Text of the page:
Probably the most aggravating aspect of President Obama's deal with the
devil hostage-takers of the Republican Party is the way both the act itself -- and Obama's churlish spurning of the people who elected him at yesterday's press conference -- has been the opening it has created for the crass opportunists of the right-wing pundit class.
Guys like Sean Hannity, whose greatest aspiration of the past couple years has been to separate Obama from his supporters, have been all too happy to take that wedge Obama has handed them and drive it right down our gullets.
Take Hannity last night:
HANNITY: All right. Amidst all the controversy on Capitol Hill surrounding the extension of the Bush tax cuts, one thing is crystal clear. This deal marks a major defeat for the anointed one who let political gamesmanship get the best of him.
Well, now he's backtracking on one of his central campaign promises. But apparently that's not how he sees it.
Let's take a look at this exchange from his press conference earlier today.
(BEGIN VIDEO CLIP)
BEN FELLER, ASSOCIATED PRESS: You've been telling the American people all along that you oppose extending tax cuts for the wealthier Americans.
FELLER: You said that again today. But what you never said was that you oppose the tax cuts, but you'd be willing to go ahead and extend them for a couple of years if the politics of the moment demand it.
So what I'm wondering is, when you take a stand like you had, why should the American people believe that you're going to stick with it? Why should the American people believe that you're going to flip-flop?
OBAMA: Hold on a second, Ben. This isn't politics of the moment. This has to do with what can we get done right now.
(END OF VIDEO CLIP)
HANNITY: What can we get done right now? Now that sounds like the politics of the moment to me and the president's base is fed up that he caved in. A brand new survey "USA Today" poll shows that a whopping 74 percent of those who contributed to the anointed one in 2008 oppose the president cutting a deal to extend tax cuts for small business and, quote, "higher income earners."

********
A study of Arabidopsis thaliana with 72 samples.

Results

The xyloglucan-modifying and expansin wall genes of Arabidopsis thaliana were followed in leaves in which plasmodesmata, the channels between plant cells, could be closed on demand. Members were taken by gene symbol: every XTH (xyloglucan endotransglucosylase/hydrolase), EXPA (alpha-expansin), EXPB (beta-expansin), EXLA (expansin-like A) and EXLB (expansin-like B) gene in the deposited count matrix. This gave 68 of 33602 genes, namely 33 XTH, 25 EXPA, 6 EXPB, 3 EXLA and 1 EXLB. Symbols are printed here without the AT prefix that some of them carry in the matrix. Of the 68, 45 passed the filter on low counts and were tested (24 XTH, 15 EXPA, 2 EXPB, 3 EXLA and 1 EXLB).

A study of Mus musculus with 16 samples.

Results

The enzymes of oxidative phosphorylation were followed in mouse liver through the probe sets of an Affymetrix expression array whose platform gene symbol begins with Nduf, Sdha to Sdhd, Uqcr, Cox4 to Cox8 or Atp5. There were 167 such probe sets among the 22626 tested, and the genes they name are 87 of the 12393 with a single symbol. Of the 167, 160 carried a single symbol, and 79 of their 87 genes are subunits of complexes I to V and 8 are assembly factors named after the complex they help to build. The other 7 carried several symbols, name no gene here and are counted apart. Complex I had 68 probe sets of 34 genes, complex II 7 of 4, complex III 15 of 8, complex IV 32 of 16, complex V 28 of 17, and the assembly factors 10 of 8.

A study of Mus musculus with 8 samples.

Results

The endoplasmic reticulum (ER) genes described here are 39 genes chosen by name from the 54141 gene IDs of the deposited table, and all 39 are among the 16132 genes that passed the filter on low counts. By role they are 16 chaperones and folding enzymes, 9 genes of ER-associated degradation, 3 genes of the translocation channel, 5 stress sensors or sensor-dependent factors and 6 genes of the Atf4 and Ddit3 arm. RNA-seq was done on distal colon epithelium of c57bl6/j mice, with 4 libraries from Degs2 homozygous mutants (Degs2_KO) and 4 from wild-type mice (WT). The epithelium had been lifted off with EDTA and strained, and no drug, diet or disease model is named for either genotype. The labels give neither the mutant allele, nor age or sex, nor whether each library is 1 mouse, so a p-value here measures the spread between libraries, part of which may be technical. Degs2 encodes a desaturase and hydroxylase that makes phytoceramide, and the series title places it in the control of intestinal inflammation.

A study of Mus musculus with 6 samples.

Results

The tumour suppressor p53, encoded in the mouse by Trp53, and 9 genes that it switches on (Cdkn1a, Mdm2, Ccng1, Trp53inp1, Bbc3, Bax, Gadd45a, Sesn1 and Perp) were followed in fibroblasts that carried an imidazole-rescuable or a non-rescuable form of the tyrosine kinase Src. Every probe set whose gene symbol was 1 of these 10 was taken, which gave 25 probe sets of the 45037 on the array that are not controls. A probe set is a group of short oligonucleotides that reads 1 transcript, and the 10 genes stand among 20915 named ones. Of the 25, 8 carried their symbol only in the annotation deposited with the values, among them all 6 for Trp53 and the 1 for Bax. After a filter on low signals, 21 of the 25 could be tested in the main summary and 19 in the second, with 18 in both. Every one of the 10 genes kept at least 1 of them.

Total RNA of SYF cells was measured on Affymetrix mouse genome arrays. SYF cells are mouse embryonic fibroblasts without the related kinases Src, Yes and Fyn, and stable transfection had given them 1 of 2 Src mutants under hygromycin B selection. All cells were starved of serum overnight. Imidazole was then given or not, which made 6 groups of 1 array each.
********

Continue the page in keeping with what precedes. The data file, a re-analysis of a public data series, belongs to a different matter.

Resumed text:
And even more frightening for the president, 51 percent of those contributors said that the tax cut deal will make them less likely to contribute to the anointed one's reelection campaign in 2012. Well, that's music to my ears.
Hannity later invited on our favorite Faux defender of all things Democrat, Lanny Davis, who managed to point out that Hannity's logic wasn't exactly clear: Did he, as a conservative, really want Obama to stick to his guns?
Remember, this is the same Hannity who just a couple weeks ago was declaring Obama too doctrinaire to ever compromise:
HANNITY: Well, look, I would argue and I have argued that Bill Clinton changed after '94 and the Republican Revolution. I contend, and my analysis of President Obama is that he is a rigid, left wing, radical ideologue.
And I've said it many times on the program. I've never seen any inclination in his adult professional life that he has a willingness to be pragmatic to move to the middle to change.
Do you see that in him? Because I don't see it.
It's clear that, in a right-wing field of pundits full of rank opportunists, Sean Hannity is one of the most rank and ham-handed in his obviousness. And it's a reminder of what we all are up against.
It's too bad Obama doesn't seem to have figured that out; he appears more than happy enough to castigate his thoughtful liberal critics as "sanctimonious" and hold his supporters up for ridicule, exposing them to this kind of garbage. But we mustn't let our justifiable anger at Obama become a tool for right-wingers like Hannity and his fellow Fox pundits to divide and conquer. Obama may not be smarter than that, but the rest of us need to be.